Beware the beast man, for he is the Devil’s pawn. Alone among God’s primates, he kills for sport or lust or greed. Yea, he will murder his brother to possess his brother’s land. Let him not breed in great numbers, for he will make a desert of his home and yours. Shun him, for he is the harbinger of death.
Dr. Zaius, Minister of Science and Chief Defender of the Faith.

Bearing in mind these eternal warnings (from science!), what is the proper reaction to a story like this?

Coincidence! Major quake exactly 1 year ago
Asia killer tops 26,000 death toll of Bam shaker also on Dec. 26
Posted: December 29, 2004
1:00 a.m. Eastern
? 2004 WorldNetDaily.com
Is it just a striking coincidence?
The 9.0 killer earthquake in Asia that unleashed tsunamis killing tens of thousands followed exactly one year to the hour after the Bam, Iran, earthquake that killed 26,000.
On Dec. 26, 2003, a 6.6 quake hit the ancient city of Bam in Iran. While the quake was much smaller than the one that struck near the island of Sumatra Sunday, its epicenter was directly under the city.
On Dec. 26, 2004, the 9.0 quake struck in South Asia. While the death toll will be much higher, most of the destructiveness was the result of the giant waves triggered by the earth’s movement under the India Ocean.
The 2003 quake hit at 01:56:52 UTC, while the 2004 quake struck at 00:58:55 UTC ? exactly one year, 58 minutes apart.
The ancients would not have thought so at all. Entrails of animals were routinely examined for omens and portents, and all sorts of magical causes were sought for the most mundane of events. The extraordinary events (what we now call “catastrophes”) were invariably ascribed to actions by major deities, usually extremely pissed off by whatever human conduct the analysts of the time concluded had enraged them. Obviously, if the catastrophe struck your enemy, this meant the gods favored your side — and vice versa.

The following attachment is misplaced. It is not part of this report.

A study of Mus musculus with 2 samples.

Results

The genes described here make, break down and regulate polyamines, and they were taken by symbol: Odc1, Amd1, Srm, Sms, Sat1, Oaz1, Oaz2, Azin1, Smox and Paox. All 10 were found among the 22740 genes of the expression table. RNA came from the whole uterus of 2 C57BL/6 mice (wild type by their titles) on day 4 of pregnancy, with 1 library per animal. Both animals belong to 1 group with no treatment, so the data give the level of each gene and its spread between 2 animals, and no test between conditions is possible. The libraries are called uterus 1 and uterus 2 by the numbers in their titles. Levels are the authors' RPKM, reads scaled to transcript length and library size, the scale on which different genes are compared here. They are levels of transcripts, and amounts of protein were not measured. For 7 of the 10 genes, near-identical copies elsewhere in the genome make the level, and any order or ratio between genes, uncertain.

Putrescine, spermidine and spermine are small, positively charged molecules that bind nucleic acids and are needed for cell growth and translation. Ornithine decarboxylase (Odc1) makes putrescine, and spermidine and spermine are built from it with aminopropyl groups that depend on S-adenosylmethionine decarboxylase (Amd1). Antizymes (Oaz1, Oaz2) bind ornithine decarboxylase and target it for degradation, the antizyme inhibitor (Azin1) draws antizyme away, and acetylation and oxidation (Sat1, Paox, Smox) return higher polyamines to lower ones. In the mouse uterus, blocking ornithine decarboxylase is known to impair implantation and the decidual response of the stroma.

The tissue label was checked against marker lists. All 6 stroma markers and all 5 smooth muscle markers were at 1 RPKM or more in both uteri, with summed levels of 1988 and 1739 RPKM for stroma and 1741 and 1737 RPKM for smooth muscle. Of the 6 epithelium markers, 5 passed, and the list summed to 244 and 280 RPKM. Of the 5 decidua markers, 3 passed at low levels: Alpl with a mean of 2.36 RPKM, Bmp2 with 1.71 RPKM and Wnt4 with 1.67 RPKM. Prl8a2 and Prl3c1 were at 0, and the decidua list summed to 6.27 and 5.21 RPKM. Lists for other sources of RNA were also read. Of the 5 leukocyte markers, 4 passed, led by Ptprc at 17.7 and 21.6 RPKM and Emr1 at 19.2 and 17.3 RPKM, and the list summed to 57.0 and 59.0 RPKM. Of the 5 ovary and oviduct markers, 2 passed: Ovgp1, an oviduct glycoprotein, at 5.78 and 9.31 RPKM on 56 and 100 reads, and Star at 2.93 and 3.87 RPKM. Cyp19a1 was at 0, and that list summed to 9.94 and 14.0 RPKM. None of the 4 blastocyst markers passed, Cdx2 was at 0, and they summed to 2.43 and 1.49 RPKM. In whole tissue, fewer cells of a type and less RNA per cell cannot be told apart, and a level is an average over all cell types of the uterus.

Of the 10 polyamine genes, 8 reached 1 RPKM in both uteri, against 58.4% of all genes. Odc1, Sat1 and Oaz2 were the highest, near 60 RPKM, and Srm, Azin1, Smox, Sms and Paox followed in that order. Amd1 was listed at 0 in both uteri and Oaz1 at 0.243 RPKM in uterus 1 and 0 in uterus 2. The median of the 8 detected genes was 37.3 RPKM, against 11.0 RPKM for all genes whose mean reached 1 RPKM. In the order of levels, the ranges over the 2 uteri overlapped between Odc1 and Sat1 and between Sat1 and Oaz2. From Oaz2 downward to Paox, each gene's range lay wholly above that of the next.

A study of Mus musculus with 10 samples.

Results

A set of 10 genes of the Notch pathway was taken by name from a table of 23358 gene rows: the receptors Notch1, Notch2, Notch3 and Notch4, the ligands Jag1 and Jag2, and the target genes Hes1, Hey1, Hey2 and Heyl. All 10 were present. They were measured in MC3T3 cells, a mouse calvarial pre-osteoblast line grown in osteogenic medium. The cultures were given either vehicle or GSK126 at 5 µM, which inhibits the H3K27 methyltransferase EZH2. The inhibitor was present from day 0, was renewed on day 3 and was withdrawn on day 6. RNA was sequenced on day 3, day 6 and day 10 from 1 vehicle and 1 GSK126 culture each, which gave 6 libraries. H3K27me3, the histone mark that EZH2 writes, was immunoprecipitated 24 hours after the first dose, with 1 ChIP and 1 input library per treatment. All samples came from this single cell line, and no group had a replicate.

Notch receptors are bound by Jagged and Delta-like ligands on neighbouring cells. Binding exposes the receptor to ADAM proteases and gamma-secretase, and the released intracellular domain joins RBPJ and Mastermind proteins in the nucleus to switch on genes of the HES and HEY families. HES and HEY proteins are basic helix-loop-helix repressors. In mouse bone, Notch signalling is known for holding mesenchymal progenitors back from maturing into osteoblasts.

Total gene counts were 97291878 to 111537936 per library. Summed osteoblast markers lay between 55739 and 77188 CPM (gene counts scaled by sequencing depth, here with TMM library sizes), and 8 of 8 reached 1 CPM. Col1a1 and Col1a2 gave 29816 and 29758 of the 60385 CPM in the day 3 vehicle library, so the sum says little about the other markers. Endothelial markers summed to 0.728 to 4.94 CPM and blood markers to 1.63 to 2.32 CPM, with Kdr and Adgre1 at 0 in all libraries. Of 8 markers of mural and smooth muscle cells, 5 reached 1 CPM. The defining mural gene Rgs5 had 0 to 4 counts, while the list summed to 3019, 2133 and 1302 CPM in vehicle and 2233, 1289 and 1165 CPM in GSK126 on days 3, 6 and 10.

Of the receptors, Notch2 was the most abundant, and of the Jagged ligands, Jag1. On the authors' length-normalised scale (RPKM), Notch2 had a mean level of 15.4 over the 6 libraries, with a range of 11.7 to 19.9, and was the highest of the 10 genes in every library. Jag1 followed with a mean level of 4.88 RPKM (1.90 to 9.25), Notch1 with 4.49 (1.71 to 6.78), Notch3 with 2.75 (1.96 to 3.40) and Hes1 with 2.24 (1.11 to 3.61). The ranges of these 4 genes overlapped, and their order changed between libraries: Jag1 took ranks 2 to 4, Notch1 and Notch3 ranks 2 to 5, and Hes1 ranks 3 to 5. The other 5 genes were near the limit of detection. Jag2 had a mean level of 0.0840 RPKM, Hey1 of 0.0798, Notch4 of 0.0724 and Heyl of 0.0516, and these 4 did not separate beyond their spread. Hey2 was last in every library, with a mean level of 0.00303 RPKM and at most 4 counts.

I have no idea how many people might read the WorldNetDaily report and wonder in awe about which favorite or most feared deity might have deliberately done this (or for which specific reason), but I have no doubt there are some. (And, irreverent bigot that I am, I can’t help wondering what motivation might have been ascribed had a similar gigantic quake and tsunami hit San Francisco.)
While many Americans might laugh at this thinking, how many of them laugh when environmentalists blame mankind for catastrophes caused by the forces of nature? Might there be a deep-seated, collectivist yearning to blame humanity as a whole instead of accepting the fact that catastrophes simply happen? From some of the statements I see, I worry that there are people who think this way, but who are in denial about the primitive, magical origins of their thinking.
Man is evil, man is bad. When evil happens, man is to blame. “Nature” (or “The Environment”) is merely the latest punishing god which will teach us much-needed lessons when we are bad.
When men are out of line, the forces of nature are there to speak for God or gods. When the evil Caligula tried to move one of the seven wonders of the ancient world, the Olympian statue of Zeus, he was prevented:

In 40 AD, the emperor Caligula decided that he liked the statue so much, his men would kidnap the god and bring him back to Rome. Fortune (perhaps something more?) kept the Olympian Zeus in Elis, as a lighting struck the ship sent to transport him and workmen claimed to have heard the god emit a sinister, haunting laugh.

Caligula died not long after this fiasco. (Do I hear thunder?)
Later historians have claimed that because the inside of the gold and ivory covered statue was wood, it had become home to rodents which squealed when Caligula’s workmen tried to move their “habitat.” But in both cases, man is at fault. Those who assign blame know best.
All superstition is not equal. Some superstitions are to be discarded as “religion” while others must be respected — and called science!
Science says that man is bad. And nature is good.
For a better explanation, you’d have to ask Dr. Zaius.
UPDATE: If Dr. Zaius does not answer, one might try the famous Mother Nature’s Fist of Fury?TM science site.
UPDATE (12/30/04): The count is now at a sickening 125,000, and even Mother Nature’s Fist of Fury Hurricane Rooter James Wolcott is calling the tsunami “catastrophic.” (From Tim Blair, via Glenn Reynolds.) Well, there is a difference between a Hurricane and a Tsunami. I’m sure “Hurricane Wolcott” is aware of the differences, so I don’t see why I have to supply them here.
Oh what the hell.


    1 oz Spiced rum
    1/2 oz Malibu Rum
    1/2 oz Rum Dark
    Fill with Pineapple Juice
    Float Grenadine


    1.0 fl. oz. of White Rum
    1.0 fl. oz. of Dark Rum
    0.5 fl. oz. of Triple Sec or Cointreau
    1.0 fl. oz. of Lime Juice
    0.5 fl. oz. of Sugar Syrup
    2 Dashes of Grenadine
    3.0 fl. oz. of Orange Juice
    3.0 fl. oz. of Pineapple Juice

  • Sheesh! Do I now have to document and supply statistics for everything I say?